The whole article is worth a read.
Mr. Roubini tells me that bank nationalization "is something the partisans would have regarded as anathema a few weeks ago. But when I and others put it in the context of the Swedish approach [of the 1990s] -- i.e. you take banks over, you clean them up, and you sell them in rapid order to the private sector -- it's clear that it's temporary. No one's in favor of a permanent government takeover of the financial system."
There's another reason why the concept should appeal to (fiscal) conservatives, he explains. "The idea that government will fork out trillions of dollars to try to rescue financial institutions, and throw more money after bad dollars, is not appealing because then the fiscal cost is much larger. So rather than being seen as something Bolshevik, nationalization is seen as pragmatic. Paradoxically, the proposal is more market-friendly than the alternative of zombie banks."
In any case, Republicans must now temper their reactions, he says. "The kind of government interference in the economy that we saw in the last year of Bush was unprecedented. The central bank -- supposed to be the lender of the last resort -- became the lender of first and only resort! With our recapitalizing of financial institutions, and massive government intervention in the markets, we've already crossed a significant bridge."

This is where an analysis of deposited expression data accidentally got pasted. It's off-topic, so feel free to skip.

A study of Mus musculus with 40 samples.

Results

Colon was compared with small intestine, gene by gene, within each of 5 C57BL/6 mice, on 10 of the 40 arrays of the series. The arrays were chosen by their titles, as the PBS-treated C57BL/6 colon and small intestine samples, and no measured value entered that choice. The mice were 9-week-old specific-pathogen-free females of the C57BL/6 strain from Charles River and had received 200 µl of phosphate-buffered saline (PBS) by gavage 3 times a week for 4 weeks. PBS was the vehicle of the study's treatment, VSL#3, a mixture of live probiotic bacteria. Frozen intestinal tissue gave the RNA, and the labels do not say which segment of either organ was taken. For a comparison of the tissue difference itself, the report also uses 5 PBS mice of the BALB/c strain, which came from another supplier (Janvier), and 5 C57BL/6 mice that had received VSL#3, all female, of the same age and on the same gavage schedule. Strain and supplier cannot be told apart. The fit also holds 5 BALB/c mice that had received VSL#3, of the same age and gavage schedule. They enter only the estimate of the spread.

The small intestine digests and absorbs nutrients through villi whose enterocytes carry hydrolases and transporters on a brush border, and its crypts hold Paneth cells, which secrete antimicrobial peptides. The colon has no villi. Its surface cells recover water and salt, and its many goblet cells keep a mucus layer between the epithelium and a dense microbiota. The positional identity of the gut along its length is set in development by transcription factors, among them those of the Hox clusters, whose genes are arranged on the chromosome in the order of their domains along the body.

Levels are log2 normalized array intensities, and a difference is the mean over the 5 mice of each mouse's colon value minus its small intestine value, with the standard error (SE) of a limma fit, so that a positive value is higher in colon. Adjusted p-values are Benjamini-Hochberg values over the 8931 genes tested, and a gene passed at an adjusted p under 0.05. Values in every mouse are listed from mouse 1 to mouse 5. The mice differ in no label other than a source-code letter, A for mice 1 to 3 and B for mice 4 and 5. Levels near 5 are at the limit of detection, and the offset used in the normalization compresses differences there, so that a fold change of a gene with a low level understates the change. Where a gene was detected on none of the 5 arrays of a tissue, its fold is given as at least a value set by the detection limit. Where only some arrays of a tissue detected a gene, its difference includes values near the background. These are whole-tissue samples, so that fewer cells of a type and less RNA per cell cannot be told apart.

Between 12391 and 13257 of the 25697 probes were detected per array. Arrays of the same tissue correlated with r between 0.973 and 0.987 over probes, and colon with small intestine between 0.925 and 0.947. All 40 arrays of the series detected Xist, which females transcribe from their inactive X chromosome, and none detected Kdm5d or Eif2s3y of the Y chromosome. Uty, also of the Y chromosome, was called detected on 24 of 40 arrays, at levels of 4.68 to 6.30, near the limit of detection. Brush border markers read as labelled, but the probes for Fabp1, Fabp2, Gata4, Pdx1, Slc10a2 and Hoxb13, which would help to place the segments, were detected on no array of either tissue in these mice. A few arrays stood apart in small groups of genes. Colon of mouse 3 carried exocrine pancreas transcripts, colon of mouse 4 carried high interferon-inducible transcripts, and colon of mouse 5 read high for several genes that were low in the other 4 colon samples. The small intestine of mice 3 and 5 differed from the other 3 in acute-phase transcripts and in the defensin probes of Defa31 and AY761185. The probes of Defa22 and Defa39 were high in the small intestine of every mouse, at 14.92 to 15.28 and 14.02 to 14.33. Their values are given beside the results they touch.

So, will the highest level of government be receptive to the bank-nationalization idea? "I think it will," Mr. Roubini says, unhesitatingly. "People like Graham and Greenspan have already given their explicit blessing. This gives Obama cover." And how long will it be before the administration goes in formally for nationalization? "I think that we're going to see the policy adopted in the next few months . . . in six months or so."